Warners president of worldwide marketing Sue Kroll and president of domestic distribution Dan Fellman both took the stand in the St. Louis federal court where S. Victor Whitmill is seeking an injunction on the grounds that the facial tattoo worn in the film by Ed Helms violates a copyright in the original work Whitmill created for Tyson. Warner Bros. general counsel John Rogovin and other studio intellectual property lawyers accompanied Fellman and Kroll, who were cross-examined on the witness stand by Whitmill attorney Geoffrey Gerber.
According to sources who attended the hearing, the Warners execs told the court that the studio has spent roughly $80 million on marketing the sequel to 2009’s The Hangoverand that blocking the film’s debut in theaters would cause irreparable financial harm. Also, thousands of theaters are in the process of receiving the film.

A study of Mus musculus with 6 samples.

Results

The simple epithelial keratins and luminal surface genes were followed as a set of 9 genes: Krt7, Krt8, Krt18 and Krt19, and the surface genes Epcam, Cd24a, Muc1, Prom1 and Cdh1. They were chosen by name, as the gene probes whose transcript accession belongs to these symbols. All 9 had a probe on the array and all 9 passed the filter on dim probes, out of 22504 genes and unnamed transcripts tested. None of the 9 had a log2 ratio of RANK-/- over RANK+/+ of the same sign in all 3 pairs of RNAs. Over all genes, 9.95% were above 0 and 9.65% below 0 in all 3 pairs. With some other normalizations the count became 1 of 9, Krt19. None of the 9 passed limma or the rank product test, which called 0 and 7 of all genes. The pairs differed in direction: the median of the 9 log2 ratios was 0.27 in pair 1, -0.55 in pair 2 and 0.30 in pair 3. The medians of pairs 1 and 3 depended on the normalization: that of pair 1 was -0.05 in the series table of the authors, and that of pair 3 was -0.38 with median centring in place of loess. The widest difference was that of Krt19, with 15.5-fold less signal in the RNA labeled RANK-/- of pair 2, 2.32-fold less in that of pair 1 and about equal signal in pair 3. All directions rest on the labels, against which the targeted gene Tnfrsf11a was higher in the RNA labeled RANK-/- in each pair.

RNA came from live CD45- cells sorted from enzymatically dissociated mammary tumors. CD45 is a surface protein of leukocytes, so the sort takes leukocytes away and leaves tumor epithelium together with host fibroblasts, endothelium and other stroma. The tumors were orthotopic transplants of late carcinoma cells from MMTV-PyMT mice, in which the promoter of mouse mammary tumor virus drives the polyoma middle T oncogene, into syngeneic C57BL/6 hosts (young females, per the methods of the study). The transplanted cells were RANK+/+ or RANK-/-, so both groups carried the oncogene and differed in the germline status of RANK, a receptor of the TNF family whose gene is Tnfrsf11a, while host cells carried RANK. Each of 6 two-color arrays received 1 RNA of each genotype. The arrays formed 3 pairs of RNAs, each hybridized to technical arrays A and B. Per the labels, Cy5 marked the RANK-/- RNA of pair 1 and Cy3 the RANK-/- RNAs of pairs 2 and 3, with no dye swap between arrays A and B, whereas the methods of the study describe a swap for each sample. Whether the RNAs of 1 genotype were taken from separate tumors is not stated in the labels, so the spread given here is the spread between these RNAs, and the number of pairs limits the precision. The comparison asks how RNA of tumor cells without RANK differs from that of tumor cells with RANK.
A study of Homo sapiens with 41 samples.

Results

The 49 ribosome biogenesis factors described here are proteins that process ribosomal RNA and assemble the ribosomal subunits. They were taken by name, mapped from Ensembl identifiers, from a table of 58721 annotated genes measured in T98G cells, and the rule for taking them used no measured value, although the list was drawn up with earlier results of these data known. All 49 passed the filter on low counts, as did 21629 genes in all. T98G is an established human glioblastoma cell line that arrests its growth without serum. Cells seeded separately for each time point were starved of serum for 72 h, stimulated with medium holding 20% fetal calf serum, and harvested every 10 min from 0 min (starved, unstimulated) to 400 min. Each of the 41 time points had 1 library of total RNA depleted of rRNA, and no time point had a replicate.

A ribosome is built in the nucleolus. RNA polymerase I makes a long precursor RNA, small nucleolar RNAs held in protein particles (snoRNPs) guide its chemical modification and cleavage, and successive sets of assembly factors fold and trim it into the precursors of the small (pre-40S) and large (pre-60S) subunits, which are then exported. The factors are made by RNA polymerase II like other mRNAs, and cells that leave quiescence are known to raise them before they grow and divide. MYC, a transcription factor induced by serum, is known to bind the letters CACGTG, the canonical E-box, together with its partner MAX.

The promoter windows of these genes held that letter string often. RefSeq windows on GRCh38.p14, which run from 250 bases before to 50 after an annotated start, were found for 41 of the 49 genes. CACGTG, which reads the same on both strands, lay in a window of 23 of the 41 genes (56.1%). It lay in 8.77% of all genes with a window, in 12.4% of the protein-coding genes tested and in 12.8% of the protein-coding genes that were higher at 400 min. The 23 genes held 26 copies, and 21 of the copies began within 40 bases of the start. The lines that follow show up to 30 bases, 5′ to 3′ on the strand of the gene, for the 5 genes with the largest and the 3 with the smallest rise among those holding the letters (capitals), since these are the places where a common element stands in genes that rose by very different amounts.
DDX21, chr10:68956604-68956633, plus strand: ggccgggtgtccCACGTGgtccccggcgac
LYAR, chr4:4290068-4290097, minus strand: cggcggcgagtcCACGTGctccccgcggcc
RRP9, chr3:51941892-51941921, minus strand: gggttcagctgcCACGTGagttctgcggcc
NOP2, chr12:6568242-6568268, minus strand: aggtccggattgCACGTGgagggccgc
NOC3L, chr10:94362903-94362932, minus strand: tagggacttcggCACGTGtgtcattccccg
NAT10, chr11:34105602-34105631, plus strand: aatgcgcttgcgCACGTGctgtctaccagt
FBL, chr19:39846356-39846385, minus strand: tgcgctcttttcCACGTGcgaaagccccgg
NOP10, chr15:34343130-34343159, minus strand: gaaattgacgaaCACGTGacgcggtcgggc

Whitmill, who designed the tattoo on Tyson’s face, filed suit April 28 claiming copyright infringement and asking for an injunction. Whitmill was the sole witness in support of his case at Monday’s hearing before U.S. District Court Judge Catherine D. Perry.
In court filings, Warners says Whitmill will not be able to succeed on the merits of his claims.
“The very copyrightability of tattoos is a novel issue,” the Warner Bros. brief says. “There is no legal precedent for plaintiff’s radical claim that he is entitled, under the Copyright Act, to control the use of a tattoo that he created on the face of another human being.”
Warner Bros. says that Tyson’s tattoo is ubiquitous and that he appeared in the first Hangover movie without objection from Whitmill. Tyson also appears in the second film but is not a defendant.
Perry is expected to issue a ruling on the injunction Tuesday morning.